D3js force-directed graph on cloud file-sharing

We demo a graph of cloud file-sharing events in an organization over 1 day.

In our setting, we have two kinds of entities: users + files, and one kind of relationship: file sharing.

This can be generalized to more entities and relationships.

The original raw data was curated from real cloud activity log.

The data is anonymized. No real/actual user or file names are exposed.

Interactive Demo (can’t embed, so not on github)

Demo source code:

Graphical elements

  • Blue circles represent files
  • Black circles represent users in an organization
  • Red circles represent users outside the organization (email-id in another domain)
  • Edges are always between a user and a (shared) file
  • Thicker edges represent multiple sharing events
  • Each user/file has a unique id and appears exactly once in the chart
  • The entities (file, user) are what the forces act on
  • The relations between the entities are the forces acting on entities

Interacting with the graph

  • Hover over circles to see the (anonymized) user-ids or file-ids
  • Click and drag any circle; the graph self-organizes again
  • Try to untangle some knots
  • Watch how the graph reacts when you release your mouseĀ button
  • Click & drag an isolated small sub-graph over a long distance
  • Release & watch it settle in a new niche

What exactly is a self-directed graph?

The forces that make this graph self-organize are very much like the negative and positive charges in polar molecules, like water (H2O, 108 degrees angle between H-0-H):

  • Opposite charges (a user & a file) attract each other
  • Similar charges (two files, or two users) repel each other

The attraction & repulsion cause the chart to self organize into a minimum (potential) energy state.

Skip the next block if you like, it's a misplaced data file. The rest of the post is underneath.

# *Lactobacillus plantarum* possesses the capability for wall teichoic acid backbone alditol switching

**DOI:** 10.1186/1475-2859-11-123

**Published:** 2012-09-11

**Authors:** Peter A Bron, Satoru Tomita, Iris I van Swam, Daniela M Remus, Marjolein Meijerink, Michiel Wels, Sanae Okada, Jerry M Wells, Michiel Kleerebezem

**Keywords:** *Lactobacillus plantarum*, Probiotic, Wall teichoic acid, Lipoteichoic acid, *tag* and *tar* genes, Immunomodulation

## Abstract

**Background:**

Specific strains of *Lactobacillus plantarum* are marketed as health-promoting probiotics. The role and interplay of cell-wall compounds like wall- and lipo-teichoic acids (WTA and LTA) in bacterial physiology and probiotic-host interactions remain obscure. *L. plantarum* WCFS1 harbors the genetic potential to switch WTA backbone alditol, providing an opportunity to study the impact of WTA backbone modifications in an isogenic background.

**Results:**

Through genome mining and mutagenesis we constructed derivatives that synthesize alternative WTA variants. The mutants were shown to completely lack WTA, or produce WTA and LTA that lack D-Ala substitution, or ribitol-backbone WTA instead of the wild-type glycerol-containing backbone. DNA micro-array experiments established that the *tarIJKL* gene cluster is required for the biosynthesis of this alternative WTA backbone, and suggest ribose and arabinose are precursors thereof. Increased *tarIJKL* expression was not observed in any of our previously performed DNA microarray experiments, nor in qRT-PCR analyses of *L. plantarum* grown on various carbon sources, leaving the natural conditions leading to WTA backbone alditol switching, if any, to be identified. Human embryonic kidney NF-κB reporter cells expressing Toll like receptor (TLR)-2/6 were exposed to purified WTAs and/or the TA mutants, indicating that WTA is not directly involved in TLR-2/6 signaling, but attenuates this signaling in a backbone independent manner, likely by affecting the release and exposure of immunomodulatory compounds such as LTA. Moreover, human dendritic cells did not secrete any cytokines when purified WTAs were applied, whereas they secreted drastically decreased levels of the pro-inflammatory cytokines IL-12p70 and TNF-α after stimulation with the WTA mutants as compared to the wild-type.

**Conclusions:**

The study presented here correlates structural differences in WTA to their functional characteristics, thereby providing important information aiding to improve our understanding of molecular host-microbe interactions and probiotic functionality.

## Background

Whenever disturbed, the graph settles into a new state of equilibrium.

Force related constants which affect the speed of settling into equilibrium, the friction or “stiffness” of the chart, and others, are configured in the code.

In a sense: the data computes itself into a picture that makes relationships very clear to the observer.

Think of it this way, without any sharing, all users are unrelated to each other. If two users share files among themselves, they are going to be globally attracted to these files and end up close to each other. But because users repel each other, the files end-up between the users that share them, plus the files will repel each other so they don’t all appear at one point.

In this particular demo, I made the repelling force for files be somewhat weaker than the repelling force between users because the number of files is larger than the number of users.

A picture is worth a 1000 words

A self-organizing picture, with which you can interact, becomes even more expressive.

The graph may tell many stories:

  • Some users share much more than others
  • Some small cliques of users as islands in the big picture
  • Some users share files only one person
  • Sub-graphs may represent sub-departments (or users who likeĀ to share with like minded colleagues)
  • The red circles may hint of a potential ex-filtration of data


Mike Bostock, observablehq.com and all contributors to the D3js framework. All I did here is adapt one of their examples to a different dataset, separate the raw data from the code, and customize some parameters for better effect.